Re-designing Sri Lanka’s foreign policy, “need of the hour”: Eran

Sri Lankan’s economy is not standalone, but is interlinked with foreign policy, says SJB parliamentarian Eran Wickramaratne.

"Whilst our internal decision making is decisive, international decision making and events play a key role in our economy, lifestyle and security, more so, because we are a small island nation," he says.

Wickramaratne is of the view that the government must follow a multi-aligned foreign policy, whilst refraining from leaning towards any policy that poses a threat to the security of our nearest neighbour, India.

Addressing the press conference held on Sunday at the office of the Leader of the Opposition, he further said that our foreign policy must follow law and international standards, such as that of the Charter of the United Nations.

Highlighting a few key components, he stressed on rejecting force on others, peaceful resolution and settlement of conflict, acknowledging and supporting sovereignty of nation states and the adherence of human rights – all of which he emphasised, should be key pillars of Sri Lanka’s foreign policy.

“Today, national security is not solely a military endeavor, but has great political and economic relevance.  We must pursue peaceful coexistence with our neighbours and reject military alliances, taking the lead in promoting regional integration. We must evolve from non-aligned to a timely multi-aligned foreign policy. In the current context, our agenda must be driven by economic survival and progression, however, the MP alleged that the Sri Lankan government has been inconsistent in its foreign policy causing tension with friendly countries since of late, a path leading to economic suicide,” Wickramaratne said.

"We must not forget that more than 10% of Sri Lanka’s population is based overseas for economic reasons. Policy that we adopt has a direct impact on this segment of our people. Albeit being a small nation, we must endeavor to be one of the key hubs and a strong player in the region."

We must work toward regional security, peace and stability. Just last week, Sri Lanka assumed Chairmanship of the Indian Ocean Rim Association (IORA). Our territorial waters are 8 times our land extent. It befalls on us to maintain peace in the Indian Ocean’s waters. We must also strengthen our relationships with countries encompassing the Indo-Pacific Economic Framework for Prosperity (IPEF) which is an economic initiative.

We must take lead to revive the orgnisation - SAARC nations are home to more than 30% of the world’s population and accounts for US$ 4.1 Trillion of the world’s economy. We must also be more active with BIMSTEC, The Bay of Bengal Initiative for Multi-Sectoral Technical and Economic Cooperation.

Eran spoke of the relevance of Sri Lanka’s Foreign Policy in the current context. In relation to the escalated conflicts in the middle east and then in terms of the more recent regional unease.

He is of the view that Sri Lanka holds responsibility in maintaining peace and stability in our territorial waters and that of the Indian Ocean ensuring that no neighbouring sovereign state is tensed in terms of its security. He referred to the recent conversations that India and Sri Lanka had on the naval port of call of a Chinese vessel in Colombo.

Wickramaratne made reference to our longstanding relationship with China, especially China’s support at the time when the country was war-torn fighting terrorism.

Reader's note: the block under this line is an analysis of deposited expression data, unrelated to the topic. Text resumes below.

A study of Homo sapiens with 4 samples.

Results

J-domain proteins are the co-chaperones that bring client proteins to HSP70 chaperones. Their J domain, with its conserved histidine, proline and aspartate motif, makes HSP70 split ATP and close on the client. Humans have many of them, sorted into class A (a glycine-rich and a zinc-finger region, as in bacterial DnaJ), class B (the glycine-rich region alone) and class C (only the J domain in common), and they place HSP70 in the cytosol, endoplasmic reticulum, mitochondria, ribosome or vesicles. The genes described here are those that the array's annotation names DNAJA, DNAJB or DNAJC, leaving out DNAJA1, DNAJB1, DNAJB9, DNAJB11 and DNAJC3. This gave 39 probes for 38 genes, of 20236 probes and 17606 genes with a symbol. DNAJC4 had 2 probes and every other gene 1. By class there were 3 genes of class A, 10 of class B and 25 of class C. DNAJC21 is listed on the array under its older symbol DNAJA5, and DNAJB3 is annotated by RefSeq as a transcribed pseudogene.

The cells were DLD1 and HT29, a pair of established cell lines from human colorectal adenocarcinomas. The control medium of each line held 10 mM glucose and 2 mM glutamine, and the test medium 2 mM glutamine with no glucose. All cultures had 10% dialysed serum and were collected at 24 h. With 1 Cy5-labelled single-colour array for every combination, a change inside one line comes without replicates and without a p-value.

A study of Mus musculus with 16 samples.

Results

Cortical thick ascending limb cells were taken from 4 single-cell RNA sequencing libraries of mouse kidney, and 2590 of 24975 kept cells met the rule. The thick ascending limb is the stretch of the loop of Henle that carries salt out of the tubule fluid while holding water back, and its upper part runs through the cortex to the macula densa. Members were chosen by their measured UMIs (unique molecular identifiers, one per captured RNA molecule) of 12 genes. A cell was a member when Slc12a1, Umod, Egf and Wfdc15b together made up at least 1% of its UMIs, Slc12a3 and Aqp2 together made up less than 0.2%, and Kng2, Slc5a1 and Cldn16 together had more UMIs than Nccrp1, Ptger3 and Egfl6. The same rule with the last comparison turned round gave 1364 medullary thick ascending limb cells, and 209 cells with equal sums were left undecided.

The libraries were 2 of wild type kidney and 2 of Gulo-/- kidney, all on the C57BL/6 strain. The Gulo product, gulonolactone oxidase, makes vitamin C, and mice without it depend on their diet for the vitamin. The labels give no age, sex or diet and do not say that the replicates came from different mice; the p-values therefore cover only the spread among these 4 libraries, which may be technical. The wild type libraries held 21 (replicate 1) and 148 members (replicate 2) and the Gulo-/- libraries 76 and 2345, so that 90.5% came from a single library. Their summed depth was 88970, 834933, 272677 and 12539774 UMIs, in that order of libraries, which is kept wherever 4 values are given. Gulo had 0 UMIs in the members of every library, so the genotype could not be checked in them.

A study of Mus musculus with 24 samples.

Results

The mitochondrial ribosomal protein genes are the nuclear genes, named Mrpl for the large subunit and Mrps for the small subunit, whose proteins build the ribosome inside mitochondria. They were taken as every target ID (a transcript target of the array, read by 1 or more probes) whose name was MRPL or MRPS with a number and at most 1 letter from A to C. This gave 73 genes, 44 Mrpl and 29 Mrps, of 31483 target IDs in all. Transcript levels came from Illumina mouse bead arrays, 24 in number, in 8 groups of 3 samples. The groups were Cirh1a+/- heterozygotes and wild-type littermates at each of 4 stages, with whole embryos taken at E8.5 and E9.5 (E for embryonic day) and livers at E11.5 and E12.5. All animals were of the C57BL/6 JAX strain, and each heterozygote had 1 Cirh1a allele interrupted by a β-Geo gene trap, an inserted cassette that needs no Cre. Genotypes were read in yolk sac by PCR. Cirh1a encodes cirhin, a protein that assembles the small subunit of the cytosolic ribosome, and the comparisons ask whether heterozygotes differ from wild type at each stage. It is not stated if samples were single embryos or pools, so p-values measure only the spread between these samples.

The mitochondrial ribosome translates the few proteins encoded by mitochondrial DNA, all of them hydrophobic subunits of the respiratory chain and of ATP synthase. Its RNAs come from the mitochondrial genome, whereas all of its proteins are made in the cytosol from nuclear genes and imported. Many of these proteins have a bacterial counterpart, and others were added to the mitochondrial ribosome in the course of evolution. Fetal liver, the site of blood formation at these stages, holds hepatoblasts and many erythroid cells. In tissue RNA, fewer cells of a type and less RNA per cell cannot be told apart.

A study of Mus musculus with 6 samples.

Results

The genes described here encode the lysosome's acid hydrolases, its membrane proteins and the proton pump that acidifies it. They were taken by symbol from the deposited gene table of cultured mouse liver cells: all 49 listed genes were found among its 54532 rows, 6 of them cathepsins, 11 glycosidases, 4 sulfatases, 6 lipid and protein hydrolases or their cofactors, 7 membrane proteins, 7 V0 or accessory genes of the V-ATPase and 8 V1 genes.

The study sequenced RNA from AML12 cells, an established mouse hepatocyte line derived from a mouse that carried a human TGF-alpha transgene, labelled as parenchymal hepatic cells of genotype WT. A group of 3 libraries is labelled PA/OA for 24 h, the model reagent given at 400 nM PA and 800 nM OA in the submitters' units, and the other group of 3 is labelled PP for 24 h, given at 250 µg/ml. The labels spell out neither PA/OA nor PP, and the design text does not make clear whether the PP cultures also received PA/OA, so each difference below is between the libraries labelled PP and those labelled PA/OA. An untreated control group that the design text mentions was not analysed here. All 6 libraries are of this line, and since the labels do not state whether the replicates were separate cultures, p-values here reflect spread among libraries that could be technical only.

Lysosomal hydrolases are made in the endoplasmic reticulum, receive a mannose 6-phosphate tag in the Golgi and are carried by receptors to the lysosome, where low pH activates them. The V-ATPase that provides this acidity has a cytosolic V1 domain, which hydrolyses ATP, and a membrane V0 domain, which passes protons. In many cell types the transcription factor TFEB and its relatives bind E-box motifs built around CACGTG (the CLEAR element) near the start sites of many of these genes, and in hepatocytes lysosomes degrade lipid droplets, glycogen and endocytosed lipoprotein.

He also spoke positively of China’s invite extended to President Wickremesinghe to partake in the dialogue on the Belt and Road Initiative (BRI), China’s foremost international endeavor.

He further elaborated on the economic consequences. Of the state of bankruptcy of Sri Lanka, our scrambling efforts to restructure our debt and China’s key role in our economy in tatters. Sri Lanka assumes responsibility of the debt that it’s taken, unwisely utilised on infrastructure with no ROI and the role of the Rajapakse’s in the downfall of our country. We must vocalise, especially the intellectuals and professionals of the country must hold the Rajapakse regime accountable for the disastrous consequences of poor economic decision making and their governance.

Referring to the current international conflict, Eran emphasised that Sri Lanka vehemently reject terrorism, having experienced terrorism firsthand. Sri Lanka also concedes a state’s right and responsibility to counter terrorism.

However, the state must act within the ambit of the law. The attempt to move 1.2million people (twice the population of the city of Colombo) within 24hrs from Gaza is a humanization tragedy and violation of human rights. Eran hopes that those who still believe in peaceful co-existence will triumph against fundamentalists on both sides and resolution through mediation and discussion will bring about peace. Sri Lanka supports the peaceful co-existence of Israel and Palestine as recongnised by the United Nations.  

Wickramaratne further elaborated on the effects of the said conflict on Sri Lanka and its economy. The highest proportion of Sri Lankan’s living and working overseas are based in the middle east. Their security, possible displacement and subsequent economic consequences to the people and eventually to the country in terms of foreign exchange inward remittances is significant.

Our exports to the middle east are directly impacted by the instability in the region. Freight and insurance costs hike during tension, driving the price up where our products are no longer competitive in the marketplace.

He concluded with the idea that we are one nation with one Foreign Policy and that we must work towards peace and stability in the region of which Sri Lanka must assume a lead role.